Judge To Decide If Nashville School Shooter’s Writings Can Be Release

A Davidson County judge last week appeared ready to side with Nashville police and allow some of the journals and writings of the Covenant School shooter to be released to the public once the investigation was officially closed, the Associated Press reported.

Attorneys for the parents of Covenant School, the Metropolitan Nashville Police Department, and plaintiffs seeking the immediate release of the records presented their arguments in a two-day hearing before Chancery Court Judge I’Ashea Myles.

In a surprising twist, the attorney representing the parents revealed last Wednesday that they gained legal ownership of shooter Audrey Hale’s writings from her parents and now held the copyright.

The Nashville Police have said Hale’s writings, which were collected during the course of their investigation into the March 2023 shooting are public record but should not be released until after the investigation has formally concluded.

Those seeking to have the writings immediately released include multiple news outlets, a Second Amendment group, and a member of the Tennessee Senate. They argued that since the suspect was shot by police and no other suspects were involved, the case was effectively closed.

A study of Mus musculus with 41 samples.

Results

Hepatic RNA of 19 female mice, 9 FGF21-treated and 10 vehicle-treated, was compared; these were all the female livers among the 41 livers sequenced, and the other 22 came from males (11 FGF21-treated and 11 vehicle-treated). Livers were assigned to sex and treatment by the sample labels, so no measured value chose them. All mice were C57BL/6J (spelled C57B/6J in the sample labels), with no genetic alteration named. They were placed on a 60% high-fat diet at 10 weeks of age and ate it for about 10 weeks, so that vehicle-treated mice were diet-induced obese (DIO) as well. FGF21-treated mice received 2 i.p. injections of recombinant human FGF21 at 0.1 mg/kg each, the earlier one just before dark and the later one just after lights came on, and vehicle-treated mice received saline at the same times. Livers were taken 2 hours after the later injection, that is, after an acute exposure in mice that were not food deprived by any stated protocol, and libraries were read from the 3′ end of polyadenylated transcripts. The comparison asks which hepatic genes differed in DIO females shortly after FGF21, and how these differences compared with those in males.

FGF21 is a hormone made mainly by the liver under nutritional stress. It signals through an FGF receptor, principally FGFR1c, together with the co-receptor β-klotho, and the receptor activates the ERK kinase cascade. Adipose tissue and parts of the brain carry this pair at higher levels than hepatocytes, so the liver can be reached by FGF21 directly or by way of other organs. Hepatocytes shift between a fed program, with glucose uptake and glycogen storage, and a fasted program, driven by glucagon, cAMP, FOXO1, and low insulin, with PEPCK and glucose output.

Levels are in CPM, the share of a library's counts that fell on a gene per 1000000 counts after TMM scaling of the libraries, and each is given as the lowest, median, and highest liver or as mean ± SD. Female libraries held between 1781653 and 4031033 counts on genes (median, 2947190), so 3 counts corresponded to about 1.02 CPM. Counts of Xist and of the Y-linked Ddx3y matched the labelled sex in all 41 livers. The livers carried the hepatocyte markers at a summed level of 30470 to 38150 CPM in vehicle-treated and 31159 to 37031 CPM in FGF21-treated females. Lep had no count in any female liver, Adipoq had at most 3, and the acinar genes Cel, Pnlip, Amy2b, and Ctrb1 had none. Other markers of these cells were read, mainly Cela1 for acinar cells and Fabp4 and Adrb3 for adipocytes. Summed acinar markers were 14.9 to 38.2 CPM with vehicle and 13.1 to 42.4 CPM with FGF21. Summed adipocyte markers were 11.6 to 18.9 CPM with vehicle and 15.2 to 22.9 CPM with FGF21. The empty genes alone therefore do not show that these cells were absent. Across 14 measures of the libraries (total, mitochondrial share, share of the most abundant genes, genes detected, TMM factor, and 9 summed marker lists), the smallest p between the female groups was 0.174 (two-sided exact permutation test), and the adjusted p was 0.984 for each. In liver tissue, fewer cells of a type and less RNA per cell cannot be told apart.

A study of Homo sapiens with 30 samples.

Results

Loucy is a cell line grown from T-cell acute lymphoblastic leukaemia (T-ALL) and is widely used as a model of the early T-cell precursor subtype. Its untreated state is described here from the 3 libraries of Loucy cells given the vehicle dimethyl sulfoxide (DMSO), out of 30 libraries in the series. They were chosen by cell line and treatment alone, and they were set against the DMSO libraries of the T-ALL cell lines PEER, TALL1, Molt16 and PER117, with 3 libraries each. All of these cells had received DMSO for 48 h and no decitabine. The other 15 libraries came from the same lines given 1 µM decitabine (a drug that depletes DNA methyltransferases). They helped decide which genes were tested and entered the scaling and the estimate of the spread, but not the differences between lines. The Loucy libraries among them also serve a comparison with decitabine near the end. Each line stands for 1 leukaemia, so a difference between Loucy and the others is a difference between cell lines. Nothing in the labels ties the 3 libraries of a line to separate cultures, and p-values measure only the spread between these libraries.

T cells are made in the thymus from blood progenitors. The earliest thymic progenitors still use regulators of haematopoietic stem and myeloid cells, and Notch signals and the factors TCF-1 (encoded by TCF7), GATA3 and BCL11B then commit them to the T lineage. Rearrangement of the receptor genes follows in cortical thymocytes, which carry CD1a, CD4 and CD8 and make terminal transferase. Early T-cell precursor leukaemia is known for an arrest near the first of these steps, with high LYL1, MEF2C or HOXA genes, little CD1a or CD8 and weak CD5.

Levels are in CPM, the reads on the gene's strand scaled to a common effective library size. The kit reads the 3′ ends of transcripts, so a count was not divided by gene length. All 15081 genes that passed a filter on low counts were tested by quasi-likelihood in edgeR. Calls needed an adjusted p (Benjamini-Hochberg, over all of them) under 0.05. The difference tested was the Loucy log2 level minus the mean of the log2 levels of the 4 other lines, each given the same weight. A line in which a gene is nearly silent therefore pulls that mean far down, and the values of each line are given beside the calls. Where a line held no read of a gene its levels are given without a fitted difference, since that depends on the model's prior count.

Attorneys representing Covenant School, the Covenant Presbyterian Church, and the parents, all insisted in court that Hale’s writings should be kept private under a Tennessee law protecting the privacy of any information related to school security. They argued that releasing Hale’s writings could inspire copycat shooters and threaten the Covenant School’s security.

However, the judge appeared to question that claim, saying any decision based on that kind of broad interpretation of the statute would not survive an appeal.

Eric Osborne, the attorney representing the families of children at Covenant School also argued that releasing the writings would violate the Tennessee Constitution guaranteeing that children had a right to be free of harassment, intimidation, and abuse.

However, the judge noted that the argument was too broad and suggested that Osborne was expecting her to create a “new law.” She said she did not think the law meant for children to be protected from harm “in perpetuity” after an investigation is formally closed.